Kneel Before VOD: May 31st
Welcome to Kneel Before VOD, where the latest offerings on various video-on-demand platforms are highlighted for your streaming pleasure. With so many options these days from a range of different services, it can be daunting to select just one film without ending up making a list of a couple dozen. Below, find what we've selected as great entertainment choices to keep things simple.
The first Alien movie to release this year, Life follows a crew of astronauts trapped on a multinational space station with a mysterious, constantly evolving life-form that tears through them one by one. The movie wears its influences on its sleeve, never fully justifying its existence. That being said, there are some solid thrills and I quite enjoyed watching the cute but deadly monster monster wreak havoc on these likable astronauts confusingly lead by Ryan Reynolds and Jake Gyllenhaal. (Check out Tyler Scruggs' review here)
A Cure for Wellness (2017)
Gore Verbinski has suffered a string of box office disappointments since leaving the Pirates of the Caribbean franchise, unfortunate because the man knows how to direct a damn movie. A Cure for Wellness is a high-concept psychological thriller starring Dane Dehaan as an executive on a mission to retrieve his company's CEO from a far away mysterious retreat. The film drags on for far longer than it should, making the twists and turns perhaps feel underwhelming, but it's packed with arresting imagery and great visual style. (Check out Rob Trench's review here)
Seoul Station (2016)
Last year's Train to Busan is one of the best zombie movies ever made, revitalizing the dwindling genre. Seoul Station is an animated story developed concurrently with Train to Busan by director Sang-ho Yeon. The film takes place slightly before Busan, and tells a similar story of a man attempting to save his runaway daughter from a sudden zombie outbreak while the government scrambles to lock down the area. The animation looks impressive, and I could not be more excited to seek this one out.
Netflix: War Machine (2017)
War Machine is Netflix's latest attempt at prestige moviemaking. The war comedy attempts to provide a fact-based but satirical take on U.S. involvement in the Afghanistan war. That's all well and good, but David Michôd's (The Rover, Animal Kingdom) film is a bit of a bore. The film should be commended for explaining real political issues in an easy to digest way, and Brad Pitt stands out in the film's lead role as General Glen McMahon, but it still doesn't amount to much.
Hulu Plus: Trial & Error Season 1 (2017)
Hulu's movie content was pretty light this week, but I can wholeheartedly recommend the first season of Trial & Error. The small town oddball cast of characters rivals Parks and Recreation in both hilarity and lovability. John Lithgow gives a funny performance as Larry Henderson, a sweet, bumbling man accused of murdering his wife. A green big city lawyer (Nicholas D'Agosto) is brought in to deal with the case, which quickly spirals out of control and becomes national news. The twists come fast, each one adding a funny new wrinkle to the case that is actually quite fun to play along with as the show goes on.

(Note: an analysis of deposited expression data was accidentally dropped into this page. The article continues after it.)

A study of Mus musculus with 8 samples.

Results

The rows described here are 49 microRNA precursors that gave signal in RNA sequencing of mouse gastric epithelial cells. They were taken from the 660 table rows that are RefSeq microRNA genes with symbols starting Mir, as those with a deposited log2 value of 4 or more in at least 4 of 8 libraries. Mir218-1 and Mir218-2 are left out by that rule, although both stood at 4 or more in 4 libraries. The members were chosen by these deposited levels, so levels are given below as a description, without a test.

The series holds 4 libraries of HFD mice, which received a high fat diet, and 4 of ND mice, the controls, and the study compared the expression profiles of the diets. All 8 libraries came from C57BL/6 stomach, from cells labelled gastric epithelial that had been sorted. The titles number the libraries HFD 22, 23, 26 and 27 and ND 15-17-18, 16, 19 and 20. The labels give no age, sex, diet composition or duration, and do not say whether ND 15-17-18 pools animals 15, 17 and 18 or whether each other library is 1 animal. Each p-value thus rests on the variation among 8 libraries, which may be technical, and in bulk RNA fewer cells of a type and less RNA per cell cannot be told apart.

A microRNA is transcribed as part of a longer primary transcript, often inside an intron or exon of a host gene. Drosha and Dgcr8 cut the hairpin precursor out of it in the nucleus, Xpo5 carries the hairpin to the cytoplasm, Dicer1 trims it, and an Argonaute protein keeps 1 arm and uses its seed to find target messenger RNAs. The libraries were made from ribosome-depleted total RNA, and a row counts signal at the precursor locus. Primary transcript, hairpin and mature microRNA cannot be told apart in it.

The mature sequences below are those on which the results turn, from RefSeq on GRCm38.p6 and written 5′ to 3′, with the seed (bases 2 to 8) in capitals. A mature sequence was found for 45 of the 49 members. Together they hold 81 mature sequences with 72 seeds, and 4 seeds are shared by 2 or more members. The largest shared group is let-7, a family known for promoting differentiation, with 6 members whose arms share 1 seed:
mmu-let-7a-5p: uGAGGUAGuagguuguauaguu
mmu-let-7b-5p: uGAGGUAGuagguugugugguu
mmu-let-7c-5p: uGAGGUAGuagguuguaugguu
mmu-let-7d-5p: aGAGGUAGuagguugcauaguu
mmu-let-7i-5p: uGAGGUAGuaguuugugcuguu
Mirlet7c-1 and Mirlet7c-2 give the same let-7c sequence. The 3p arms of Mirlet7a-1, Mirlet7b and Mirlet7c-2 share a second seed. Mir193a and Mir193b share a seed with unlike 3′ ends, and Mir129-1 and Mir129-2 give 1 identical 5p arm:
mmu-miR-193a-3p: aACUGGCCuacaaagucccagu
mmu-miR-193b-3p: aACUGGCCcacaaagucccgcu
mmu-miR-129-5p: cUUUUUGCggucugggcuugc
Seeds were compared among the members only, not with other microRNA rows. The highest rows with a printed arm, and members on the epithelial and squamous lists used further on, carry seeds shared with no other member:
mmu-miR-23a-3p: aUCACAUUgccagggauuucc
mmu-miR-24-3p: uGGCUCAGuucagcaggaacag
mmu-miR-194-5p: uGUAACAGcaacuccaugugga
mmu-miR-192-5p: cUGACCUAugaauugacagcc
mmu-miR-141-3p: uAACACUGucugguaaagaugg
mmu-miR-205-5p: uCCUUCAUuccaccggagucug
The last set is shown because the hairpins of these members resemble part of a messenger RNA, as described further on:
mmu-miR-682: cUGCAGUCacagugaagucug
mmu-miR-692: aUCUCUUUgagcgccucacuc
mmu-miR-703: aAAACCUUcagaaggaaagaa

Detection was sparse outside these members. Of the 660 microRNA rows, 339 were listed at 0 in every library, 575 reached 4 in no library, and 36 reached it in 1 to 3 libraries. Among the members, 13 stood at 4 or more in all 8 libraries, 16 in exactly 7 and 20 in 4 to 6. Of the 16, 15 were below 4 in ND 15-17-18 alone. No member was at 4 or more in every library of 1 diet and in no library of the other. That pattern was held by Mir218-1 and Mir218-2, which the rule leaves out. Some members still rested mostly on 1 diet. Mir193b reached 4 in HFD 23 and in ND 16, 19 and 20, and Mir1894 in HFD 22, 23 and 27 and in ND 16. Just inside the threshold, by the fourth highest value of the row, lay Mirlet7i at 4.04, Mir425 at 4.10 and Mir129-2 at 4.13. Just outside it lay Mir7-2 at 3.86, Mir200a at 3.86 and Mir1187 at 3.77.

HBO Go/Now: Storks (2016)
If you would've told me this was five years old I would believe you, but apparently it's recent enough to be HBO's big premiere of the week. In a world where instead of babies storks deliver packages, one stork (Andy Samberg) and his human friend (Katie Crown) accidentally end up with a baby and must get it to the expectant parents and avoid their evil boss (Kelsey Grammer). It might not be the prettiest or most exciting animated movie to release recently, but I found it to be enjoyable enough, and it's obviously great for kids.
Also Streaming: Incident Light
Amazon Prime: Sound City (2013)
Before it closed in 2011, Sound City Studios opened its doors to countless groundbreaking artists such as Neil Young, Cheap Trick, and Nirvana, who recorded their classic album Nevermind there. Former Nirvana drummer and current Foo Fighters frontman Dave Grohl steps behind the camera to direct this look at the legendary music studio. The film features interviews by a ton of artists who performed there, as well as those who were influenced by the recordings to come out of it. It's interesting for awhile, but slowly devolves into a run of the mill rock doc as it goes on.
FilmStruck: In a Lonely Place (1950)
Humphrey Bogart turns in another classic performancesas Dixon Steele, a self-destructive Hollywood screenwriter who falls in love with an aspiring actress just as he is accused of the murder the coat check girl at a club he frequents. The stylish noir tells a compelling, dark mystery and contains what some consider to be Bogart's finest performance.